Japanese Knotweed

It is on record that historically there was japanese knotweed on the land at Princes Parade.

On 8 Feb 2017 the Folkestone & Hythe Express published a claim by council officials that the knotweed was “removed from the site more than 10 years ago”.

But when proof of this was requested via a Freedom of Information request the council said they did not hold the information.


Questions were asked about the knotweed at the cabinet meeting on 7 February 2017. You can watch the video here – knotweed comes up at 4 mins 33 secs:

Council Meetings

At the meeting it was confirmed that japanese knotweed was present between 2002 and 2005 but had been subject to a programme of control. More recent survey work has not find any knotweed on the site.

However in August 2017 a member of the public spotted a japanese knotweed plant on Princes Parade.

On 25 August 2017 the chief executive said in an email to a member of SPP “With regards to the specifics of Japanese Knotweed – I can assure you that officers from the Council carry out regular checks on our land and undertake an eradication programme for invasive plants. The programme includes addressing any incidences of Japanese Knotweed, which is usually dealt with via stem injection.”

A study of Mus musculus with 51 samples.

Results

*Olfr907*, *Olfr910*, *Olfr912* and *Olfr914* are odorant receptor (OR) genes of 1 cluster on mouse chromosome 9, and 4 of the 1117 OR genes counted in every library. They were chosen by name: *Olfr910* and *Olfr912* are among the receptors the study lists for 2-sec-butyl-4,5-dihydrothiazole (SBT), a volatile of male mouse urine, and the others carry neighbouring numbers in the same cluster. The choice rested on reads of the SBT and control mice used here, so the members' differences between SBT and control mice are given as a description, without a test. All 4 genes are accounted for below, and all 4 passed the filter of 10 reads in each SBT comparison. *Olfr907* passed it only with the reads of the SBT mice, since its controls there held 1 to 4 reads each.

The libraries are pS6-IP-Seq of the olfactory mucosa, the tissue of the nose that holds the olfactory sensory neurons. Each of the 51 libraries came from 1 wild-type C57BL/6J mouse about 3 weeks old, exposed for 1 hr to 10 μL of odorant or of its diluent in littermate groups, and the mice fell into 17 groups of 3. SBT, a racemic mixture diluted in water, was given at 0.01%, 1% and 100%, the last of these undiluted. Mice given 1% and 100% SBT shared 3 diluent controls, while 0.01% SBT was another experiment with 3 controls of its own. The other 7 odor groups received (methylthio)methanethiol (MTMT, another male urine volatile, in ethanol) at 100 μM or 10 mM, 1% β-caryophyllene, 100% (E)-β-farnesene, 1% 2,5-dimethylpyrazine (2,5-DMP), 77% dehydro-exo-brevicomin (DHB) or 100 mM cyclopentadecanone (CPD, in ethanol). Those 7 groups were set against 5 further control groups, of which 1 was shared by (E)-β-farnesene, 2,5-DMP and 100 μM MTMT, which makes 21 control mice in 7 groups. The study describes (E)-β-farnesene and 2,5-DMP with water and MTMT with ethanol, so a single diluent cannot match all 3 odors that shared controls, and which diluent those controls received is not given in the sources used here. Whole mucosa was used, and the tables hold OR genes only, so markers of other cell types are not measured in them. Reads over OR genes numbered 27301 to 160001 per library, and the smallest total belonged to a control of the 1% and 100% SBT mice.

In the Sept 6 2017 edition of the  Folkestone & Hythe Express a council spokesman admitted that a small amount of japanese knotweed had been found in bushes adjacent to the development site (note not proposed development site) and said that any knotweed discovered on the site itself would be treated and the site cleared before any homes were built.

The council claims that “Princes Parade has been thoroughly walked by grounds maintenance officers and no other plants have been identified.” But the site is currently very overgrown with nettles and brambles so it is hard to believe that the officers have been able to thoroughly inspect the site.